Art and identity in accordance with the gallery’s new exhibit

One of the projects in the Western Gallery’s In-Site: A New Realism exhibit. Photo courtesy of Western Involvement Network.
One of the projects in the Western Gallery’s In-Site: A New Realism exhibit. Photo courtesy of Western Involvement Network.

By Jason Upton

With most interactions now taking place online, how does one express their personal identity?

On Thursday, Oct. 29, the Western Gallery and the Teaching Learning Academy hosted a Zoom collaborative dialogue focusing on the topic of art and identity.

The discussion was centered around the gallery’s annual Bachelor of Fine Arts exhibition, which displayed the art projects of 10 students who graduated Western’s BFA program last year.

The artwork in the exhibition, titled “In-Site: A New Realism,” all followed the theme of evoking new ways to perceive reality, according to the gallery’s event description. Students, staff, faculty and members of the community were all encouraged to participate in the discussion.

The meeting started with a quick video tour of the gallery exhibit, followed by a 25-minute panel where two of the artists, Amanda Kartes and Sarah Kindl, answered questions regarding their work. The audience was then divided into smaller breakout rooms, where trained facilitators from the library guided the discussion on art and identity.

Nathan Romond, a teaching and learning specialist at Western’s library, was one of the meeting facilitators. Romond said the panel aspect of the meeting was new to the TLA’s series of dialogues they’ve been hosting since 1999, but he welcomed the new addition.

“We found that it really helps our participants dig into the small group dialogue a little bit more, to get a little bit of that context and background,” Romond said. “It helps to see their ideas and bring more complex dialogue into the small groups.”

Amanda Kartes, Western alumna and one of the artists who answered questions in the meeting, also saw value in the addition of a panel.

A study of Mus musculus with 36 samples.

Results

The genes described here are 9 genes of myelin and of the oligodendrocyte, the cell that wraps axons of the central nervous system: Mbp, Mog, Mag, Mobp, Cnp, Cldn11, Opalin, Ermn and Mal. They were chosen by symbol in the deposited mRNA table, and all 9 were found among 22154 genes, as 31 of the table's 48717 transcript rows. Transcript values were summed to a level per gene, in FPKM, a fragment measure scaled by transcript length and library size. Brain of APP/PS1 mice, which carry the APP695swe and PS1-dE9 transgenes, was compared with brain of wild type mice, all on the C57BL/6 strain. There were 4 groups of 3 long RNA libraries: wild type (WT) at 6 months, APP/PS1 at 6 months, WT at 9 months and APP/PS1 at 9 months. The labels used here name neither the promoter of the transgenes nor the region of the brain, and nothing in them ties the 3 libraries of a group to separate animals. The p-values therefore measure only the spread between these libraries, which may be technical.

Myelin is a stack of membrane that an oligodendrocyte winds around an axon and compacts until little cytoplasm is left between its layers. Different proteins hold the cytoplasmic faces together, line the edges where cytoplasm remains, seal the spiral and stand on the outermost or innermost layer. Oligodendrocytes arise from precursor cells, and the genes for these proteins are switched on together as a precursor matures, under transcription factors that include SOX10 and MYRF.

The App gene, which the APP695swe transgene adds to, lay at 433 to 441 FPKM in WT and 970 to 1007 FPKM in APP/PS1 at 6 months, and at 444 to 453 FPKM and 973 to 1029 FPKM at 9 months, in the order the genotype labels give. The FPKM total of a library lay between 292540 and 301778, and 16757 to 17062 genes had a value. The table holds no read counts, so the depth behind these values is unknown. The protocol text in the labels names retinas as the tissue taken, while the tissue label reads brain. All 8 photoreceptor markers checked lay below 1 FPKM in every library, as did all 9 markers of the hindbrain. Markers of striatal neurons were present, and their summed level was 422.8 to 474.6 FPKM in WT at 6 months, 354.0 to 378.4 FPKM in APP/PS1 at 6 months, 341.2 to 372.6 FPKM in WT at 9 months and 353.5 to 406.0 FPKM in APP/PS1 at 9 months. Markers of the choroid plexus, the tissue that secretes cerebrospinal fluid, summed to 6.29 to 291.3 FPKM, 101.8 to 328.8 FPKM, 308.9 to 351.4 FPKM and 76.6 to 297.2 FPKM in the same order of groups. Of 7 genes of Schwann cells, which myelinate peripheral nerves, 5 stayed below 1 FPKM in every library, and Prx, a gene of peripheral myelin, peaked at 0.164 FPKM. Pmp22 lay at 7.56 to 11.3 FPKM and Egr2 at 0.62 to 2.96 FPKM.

“What I really enjoyed was the fact that we were talking about the way we personally used identity and self within our work,” Kartes said. “I think it was nice because it showed that you can approach a similar sort of theme within your work and still be able to do it in different ways.”

Kartes’ contribution to the exhibit was a large-scale dining room she created out of ceramic, wood, papier-mâché, oil and glass. She made the piece with the intent of exploring relationships with eating and food, with themes rooting from her childhood. 

In the exhibit’s catalog, Kartes describes how the project explores the themes of “my disordered relationship with eating, its intricate relationship to societal expectations, and my family’s own perception of food as it relates to body image.”

Though participants were only able to get a look at the artwork through the initial video tour of the exhibit, Romond believed it was the best they could do given the circumstances.

“I think that whenever you’re viewing art in a way that it’s not actually there and tactile, you’re going to lose something,” Romond said. “That being said, we still were able to capture a lot of what was being conveyed by the art in that brief video tour.

The discussion brought great feedback from people around the community and the participating exhibition artists.

Kelly Hart, the executive director at Allied Arts of Whatcom County, said she appreciates the job Western has been doing to keep art alive in the community through their virtual shows and tours.

“Art is one of the key forms of expression, especially during times of stress and conflict,” Hart said. “It’s an amazing way to get ideas out in a constructive manner.”

With all of the divisiveness and isolation occurring throughout the year due to the elections and COVID-19, Romond stressed that art is important now more than ever.

“The more that we take the time to listen to others and share our own authentic perspectives, the more we’re all going to learn and grow, and be able to understand the world and the people that we’re surrounded by.”